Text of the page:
This is a commissioned post.
It's a scary thought that a recent study showed many "Brits lack basic cooking skills with many unable to make beans on toast", isn't it? Is it fear of getting a recipe wrong and wasting ingredients that lead us to stick to the same meals, or are we "stuck in a rut" due to our lack of culinary skills? Is it a lack of education? Well, education starts at home, and cooking is an essential skill to learn.
There are many things parents need to teach their children in order to help them survive in the real world, from applying for jobs to managing bills. Teaching them how to prepare a reasonably nutritious meal without hurting themselves or causing damage to the kitchen is one fantastic place to start. Read on for some suggestions of essential skills worth sharing with them in their teen years, as discussed by a sixth form in Somerset.
Your child should have already learned how to use knives and scissors safely and how to measure out ingredients by their teen years. Remind them that using a blunt knife is often more dangerous than using a sharp one when chopping vegetables because it promotes carelessness. Show them how to boil ingredients in a pan, like pasta and potatoes. Show them how to safely drain the water from the food once it’s ready.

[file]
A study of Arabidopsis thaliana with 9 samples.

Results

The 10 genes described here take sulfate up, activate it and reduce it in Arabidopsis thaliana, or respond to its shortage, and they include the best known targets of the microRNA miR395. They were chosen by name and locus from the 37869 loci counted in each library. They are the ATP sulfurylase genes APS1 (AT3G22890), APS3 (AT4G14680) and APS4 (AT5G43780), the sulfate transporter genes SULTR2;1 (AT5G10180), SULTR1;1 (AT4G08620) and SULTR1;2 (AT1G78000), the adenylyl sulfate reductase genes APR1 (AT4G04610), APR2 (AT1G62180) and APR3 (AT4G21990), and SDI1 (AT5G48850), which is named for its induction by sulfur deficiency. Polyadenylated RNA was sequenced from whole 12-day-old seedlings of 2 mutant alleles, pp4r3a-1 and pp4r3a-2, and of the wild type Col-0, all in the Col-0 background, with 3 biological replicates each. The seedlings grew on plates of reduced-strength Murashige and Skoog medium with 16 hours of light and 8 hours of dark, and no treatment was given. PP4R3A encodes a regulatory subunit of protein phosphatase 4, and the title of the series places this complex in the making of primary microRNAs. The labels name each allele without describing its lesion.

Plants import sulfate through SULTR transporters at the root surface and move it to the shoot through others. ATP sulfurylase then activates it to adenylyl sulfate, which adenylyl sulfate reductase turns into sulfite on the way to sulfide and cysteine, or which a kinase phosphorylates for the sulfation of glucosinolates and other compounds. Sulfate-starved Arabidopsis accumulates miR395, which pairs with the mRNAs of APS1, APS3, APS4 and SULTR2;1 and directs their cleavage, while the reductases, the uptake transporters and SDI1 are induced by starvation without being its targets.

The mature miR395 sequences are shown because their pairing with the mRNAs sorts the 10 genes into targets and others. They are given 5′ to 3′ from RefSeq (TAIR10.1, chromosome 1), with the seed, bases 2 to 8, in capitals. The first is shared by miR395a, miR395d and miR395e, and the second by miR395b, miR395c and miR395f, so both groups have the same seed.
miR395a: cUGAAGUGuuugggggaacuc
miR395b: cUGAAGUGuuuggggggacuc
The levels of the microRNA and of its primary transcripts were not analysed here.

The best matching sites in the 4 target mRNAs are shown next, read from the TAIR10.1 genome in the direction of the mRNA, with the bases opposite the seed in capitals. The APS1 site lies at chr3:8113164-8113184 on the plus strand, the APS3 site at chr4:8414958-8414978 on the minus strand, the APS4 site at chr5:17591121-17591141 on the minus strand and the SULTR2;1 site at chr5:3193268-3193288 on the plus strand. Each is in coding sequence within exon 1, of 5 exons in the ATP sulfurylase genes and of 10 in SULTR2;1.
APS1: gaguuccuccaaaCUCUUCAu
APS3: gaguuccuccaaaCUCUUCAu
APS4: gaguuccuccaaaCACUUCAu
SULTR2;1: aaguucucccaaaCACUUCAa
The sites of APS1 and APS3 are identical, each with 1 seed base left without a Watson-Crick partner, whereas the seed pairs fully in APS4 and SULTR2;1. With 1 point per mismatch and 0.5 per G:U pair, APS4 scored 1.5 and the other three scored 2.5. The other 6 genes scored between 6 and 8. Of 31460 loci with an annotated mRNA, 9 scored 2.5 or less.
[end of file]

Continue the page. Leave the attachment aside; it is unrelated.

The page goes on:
Your child will also need to know how to determine whether or not meat is fully cooked so that they don’t risk food poisoning. You should also show them different methods for cooking meat, from frying to stewing.
A full Sunday Roast might be a little too advanced for a beginner, so start with something a little easier, like frying mince for shepherds pie or meat for stew. In fact, a slow-cooked dish is a staple that your teen should get to grips with, particularly as it can be batch cooked and served throughout the week or frozen ready for a quick and easy supper.
Your teen should also understand basic food hygiene. Different chopping boards should be used when dealing with cooked and raw meat, and those involved with the food preparation should wash their hands several times throughout the cooking process.
Teaching your child how to prepare a meal in advance is important. For instance, they need to know to give certain foods plenty of time to defrost before cooking, as many foods items should ideally not be cooked from frozen; chicken is one example.
It is important to teach your teen about use by dates and best before dates. As a country, the UK wastes a disgraceful 3.6 million tons of food (2020) - by teaching your teen about correct food storage, cooking, and shopping skills, we can tackle this.
Think about utilising all of the food items, such as making stock from chicken bones, shredding leftover roast chicken, and using sandwiches, pasta, or fried rice. Turn that leftover roast beef into cottage pie (shred the meat and use instead of mince).
Let me know your favourite ways to 'love your leftovers in the comments, please.
Believe it or not, teaching your child various kitchen skills will benefit them in other ways. For example, they will learn to be patient and how to multi-task. They will also practise their maths skills when measuring ingredients, calculating oven times and dividing portions. With that said, it’s worth encouraging your child to help you in the kitchen, even if it’s not necessarily to prepare them for adulthood.